Daily Archives: October 16, 2010

History of Arctic (and Antarctic) Sea Ice, Part 1

Nobody in his right mind disputes that since satellite observations began, the extent of sea ice in the arctic has declined dramatically; this year the summer minimum extent was the 3rd-lowest on record. There is also considerable observational evidence that arctic sea ice extent over the last few decades is much lower than it has been for at least a century prior to modern times.

A team of researchers, led by Leonid Polyak of Ohio State University’s Byrd Polar Research Center, has culled the available evidence from hundreds of studies of proxy data for sea ice extent. As reported at Science Daily, in a new paper in Quaternary Science Reviews they report their findings: that the present extent of sea ice in the arctic is at its lowest for at least several thousand years.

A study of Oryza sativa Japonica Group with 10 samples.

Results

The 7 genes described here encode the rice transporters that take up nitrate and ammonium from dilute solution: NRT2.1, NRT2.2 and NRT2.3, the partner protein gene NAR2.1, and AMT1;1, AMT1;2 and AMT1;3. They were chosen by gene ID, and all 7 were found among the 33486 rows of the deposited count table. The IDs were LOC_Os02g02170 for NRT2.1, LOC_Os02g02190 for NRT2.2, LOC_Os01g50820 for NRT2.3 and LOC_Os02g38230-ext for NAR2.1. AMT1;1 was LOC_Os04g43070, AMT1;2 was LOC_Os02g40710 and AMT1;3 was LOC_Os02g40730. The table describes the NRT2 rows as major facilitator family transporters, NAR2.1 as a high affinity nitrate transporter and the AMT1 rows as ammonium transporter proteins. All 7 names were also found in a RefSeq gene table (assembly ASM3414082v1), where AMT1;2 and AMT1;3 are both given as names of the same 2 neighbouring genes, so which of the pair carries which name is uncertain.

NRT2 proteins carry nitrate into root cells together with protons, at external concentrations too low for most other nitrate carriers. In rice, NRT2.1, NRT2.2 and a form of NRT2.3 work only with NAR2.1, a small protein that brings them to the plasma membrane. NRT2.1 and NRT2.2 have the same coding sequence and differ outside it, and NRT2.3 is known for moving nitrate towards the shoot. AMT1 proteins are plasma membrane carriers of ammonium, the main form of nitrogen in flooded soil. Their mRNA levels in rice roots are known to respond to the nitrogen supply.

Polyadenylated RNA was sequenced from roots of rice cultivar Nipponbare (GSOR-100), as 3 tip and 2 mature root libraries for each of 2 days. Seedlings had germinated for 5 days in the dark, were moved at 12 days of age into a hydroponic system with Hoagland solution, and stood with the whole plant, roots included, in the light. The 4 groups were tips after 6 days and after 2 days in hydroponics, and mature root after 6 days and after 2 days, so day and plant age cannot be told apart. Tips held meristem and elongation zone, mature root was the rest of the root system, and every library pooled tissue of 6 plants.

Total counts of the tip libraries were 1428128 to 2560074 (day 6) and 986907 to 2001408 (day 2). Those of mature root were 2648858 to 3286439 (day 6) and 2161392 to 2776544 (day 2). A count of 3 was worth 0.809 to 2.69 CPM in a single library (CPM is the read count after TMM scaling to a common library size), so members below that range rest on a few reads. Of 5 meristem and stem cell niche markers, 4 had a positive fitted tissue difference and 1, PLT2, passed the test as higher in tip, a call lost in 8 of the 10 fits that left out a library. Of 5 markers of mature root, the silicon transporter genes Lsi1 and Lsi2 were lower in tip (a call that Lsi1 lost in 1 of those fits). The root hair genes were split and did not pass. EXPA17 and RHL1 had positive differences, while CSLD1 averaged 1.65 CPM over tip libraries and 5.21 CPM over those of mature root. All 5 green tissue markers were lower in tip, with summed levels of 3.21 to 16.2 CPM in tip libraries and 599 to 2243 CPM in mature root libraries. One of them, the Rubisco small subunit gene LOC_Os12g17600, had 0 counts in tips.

In my last post I made two predictions. The second one was this:

Second: Either Anthony Watts won’t answer my question about why he’s so fond of less than 6 years’ data when we have over 30 (and that’s just from satellites) — or he’ll attack me personally, calling me a coward for blogging under a pseudonym. After all, the best predictor of future behavior is past behavior.

The question was this:

We have over 30 years of satellite data for arctic sea ice. Why do you consistently display the only data source I know of that covers less than 6 years?

Anthony has replied. But just as I predicted, he didn’t answer my question. Instead he told a lie.